By Nathalie Hardy • Columnist • 

Turns out being a soccer mom is a team sport

It took me nearly six years to get here, but judging by my calendar, and the clutter in my car, it seems I’ve rounded a corner. It seems my minivan and I are now headed toward some new adventures in motherhood.

Let me give you a hint. It involves cleats, shin guards and Saturday mornings spent on muddy sidelines.

Yes, I’ve finally arrived. I’m officially a soccer mom.

And while “soccer mom” is an expression that vexes some, I’ve been looking forward to it. That’s because I’m okay with being in a box so long as I’m the one who checks it.

Say I were standing in the lobby of life when someone handed me a clipboard and said, “Check all that apply.” I could check daughter, wife, mother, friend, sister, woman and writer.

Now, let’s say under each of those featured a series of subcategories with adjectives modifying each role. I could cheerfully check the box identifying me as a mom who is enthusiastic about supporting her kids’ activity of choice. And please note the singular use of the word “activity.”

Of course, my initiation into being a soccer mom didn’t exactly match the vision in my head.

For starters, we kicked off Sam’s athletic career by missing his first practice. It seems I missed the message telling me that practice was starting the next day.

That message continued on to note he would have games every Saturday for the next few months, along with two practices a week, starting at the same time I typically get off work.

Which brings me to the next unexpected element of being a soccer mom: At our house, it’s a team sport — a relay race, if you will — to get the kid on the field on time.

When I imagined what motherhood would be like, I was missing a few things, including a kid and a crystal ball.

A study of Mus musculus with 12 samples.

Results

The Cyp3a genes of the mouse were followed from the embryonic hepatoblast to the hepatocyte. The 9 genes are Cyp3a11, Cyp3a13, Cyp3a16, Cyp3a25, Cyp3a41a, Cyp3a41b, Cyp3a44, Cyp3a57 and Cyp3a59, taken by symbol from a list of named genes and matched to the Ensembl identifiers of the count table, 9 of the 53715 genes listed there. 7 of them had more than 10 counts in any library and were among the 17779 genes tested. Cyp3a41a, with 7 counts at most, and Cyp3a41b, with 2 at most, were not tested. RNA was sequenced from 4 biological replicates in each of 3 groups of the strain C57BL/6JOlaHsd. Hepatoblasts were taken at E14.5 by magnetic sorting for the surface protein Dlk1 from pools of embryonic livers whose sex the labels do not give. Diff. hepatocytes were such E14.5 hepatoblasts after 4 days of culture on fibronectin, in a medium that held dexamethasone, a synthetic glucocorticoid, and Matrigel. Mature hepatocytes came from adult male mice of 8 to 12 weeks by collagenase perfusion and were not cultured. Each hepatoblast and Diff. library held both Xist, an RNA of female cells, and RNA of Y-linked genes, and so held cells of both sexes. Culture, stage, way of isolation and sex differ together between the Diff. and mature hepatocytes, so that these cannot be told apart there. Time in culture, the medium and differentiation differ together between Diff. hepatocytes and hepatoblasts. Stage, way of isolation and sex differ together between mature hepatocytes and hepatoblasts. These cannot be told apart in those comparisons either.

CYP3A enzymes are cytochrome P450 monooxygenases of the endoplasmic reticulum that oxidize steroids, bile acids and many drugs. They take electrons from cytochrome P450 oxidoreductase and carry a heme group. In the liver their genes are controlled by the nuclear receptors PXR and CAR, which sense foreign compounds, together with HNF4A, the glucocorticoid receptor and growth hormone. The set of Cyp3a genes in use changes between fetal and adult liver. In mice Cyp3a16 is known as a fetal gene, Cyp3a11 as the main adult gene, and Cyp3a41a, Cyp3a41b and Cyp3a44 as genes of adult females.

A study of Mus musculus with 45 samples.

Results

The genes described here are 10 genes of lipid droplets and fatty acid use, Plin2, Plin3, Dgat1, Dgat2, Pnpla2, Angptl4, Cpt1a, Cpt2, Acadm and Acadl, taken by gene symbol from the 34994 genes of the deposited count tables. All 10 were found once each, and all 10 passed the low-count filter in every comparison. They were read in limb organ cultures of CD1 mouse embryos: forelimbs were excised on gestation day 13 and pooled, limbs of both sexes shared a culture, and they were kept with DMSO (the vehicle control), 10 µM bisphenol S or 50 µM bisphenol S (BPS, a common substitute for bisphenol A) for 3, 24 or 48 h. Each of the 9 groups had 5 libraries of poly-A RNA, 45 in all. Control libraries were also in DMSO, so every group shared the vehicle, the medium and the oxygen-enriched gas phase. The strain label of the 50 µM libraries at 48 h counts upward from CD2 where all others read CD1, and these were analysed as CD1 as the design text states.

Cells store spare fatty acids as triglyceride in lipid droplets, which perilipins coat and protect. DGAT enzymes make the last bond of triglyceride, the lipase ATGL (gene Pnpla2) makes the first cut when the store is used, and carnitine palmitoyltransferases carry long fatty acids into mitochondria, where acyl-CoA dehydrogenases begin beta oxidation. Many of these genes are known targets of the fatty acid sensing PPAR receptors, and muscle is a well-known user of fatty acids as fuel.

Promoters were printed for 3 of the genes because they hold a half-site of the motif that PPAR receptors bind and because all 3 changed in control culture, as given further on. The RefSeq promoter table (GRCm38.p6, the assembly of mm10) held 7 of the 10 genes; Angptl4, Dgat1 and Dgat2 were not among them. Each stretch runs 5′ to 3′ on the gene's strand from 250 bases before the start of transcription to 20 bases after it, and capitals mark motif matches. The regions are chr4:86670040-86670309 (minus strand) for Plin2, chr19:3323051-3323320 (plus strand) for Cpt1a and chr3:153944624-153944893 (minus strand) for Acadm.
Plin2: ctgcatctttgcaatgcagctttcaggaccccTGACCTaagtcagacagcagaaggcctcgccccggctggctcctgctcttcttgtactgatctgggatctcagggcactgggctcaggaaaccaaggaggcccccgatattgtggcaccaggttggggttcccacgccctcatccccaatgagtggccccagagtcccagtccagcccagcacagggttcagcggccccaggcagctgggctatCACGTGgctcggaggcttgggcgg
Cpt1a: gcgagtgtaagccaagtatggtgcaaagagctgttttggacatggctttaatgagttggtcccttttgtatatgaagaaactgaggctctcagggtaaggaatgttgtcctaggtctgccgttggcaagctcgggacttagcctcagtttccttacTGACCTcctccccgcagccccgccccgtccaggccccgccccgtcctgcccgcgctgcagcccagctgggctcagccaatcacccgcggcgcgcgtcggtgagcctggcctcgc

What I didn’t know was that I wouldn’t be home with the boys any more by the time they were this age. So I wasn’t expecting being a soccer mom to include letting their dad be their dad.

When I stayed home with the boys, all things kid-related fell under my umbrella. I sometimes forget there are two of us holding the umbrella now. I always pictured my husband at the games, and kicking the ball around the backyard, but I didn’t factor him into the other logistics.

When I launched into a freak-out session about how Sam was going to get to practice, when I would still be at work, my husband calmly suggested he take on that responsibility. In fact, he said he’d be happy to.

All he asked is that I see that all the gear was packed up and ready to go. So I still get to play a key role — making sure the shin guards, cleats, socks and shorts are packed, along with a snack and water bottle.

I had some of that stuff ready to go by the second practice. I say some, because while practice was starting I was still parked on Highway 99W in Dundee, ripping the packaging off the special soccer socks I’d completely forgotten about until my lunch break.

When I made it to the field, I noticed Sam didn’t have any water in his water bottle.

Sam shrugged. “You forgot to put water in it, Mom.”

I pointed out that, like Jesus, I preferred to help those who helped themselves. I also noted this was my first time having a kid in sports.

“You’re doing pretty good,” he said, before grabbing his soccer ball.

I’d meant to write his name on it with a permanent marker. But on closer inspection, I saw it was already labeled in my husband’s familiar handwriting.

The guy’s doing pretty good, too.

Whereas I once slept through Saturday mornings entirely, I am now on the sidelines with my husband, cheering on the kid in the orange cleats.

Sam said he picked them because they were my favorite color. But mostly, it was because we waited until the last minute, and there wasn’t much to choose from that fit.

Minivan, check. Soccer gear, check. I guess now all that I’m missing is the stick figure family decal for my back window.

I do, however, have mud-flap style stickers of a pony-tailed girl reading, which tells people that I also fall into the box of “reader.” And I can also check these subcategories: avid reader, poly-reader and the kind of reader who writes in the margins.

Contact Nathalie Hardy at nhardy@newsregister.com.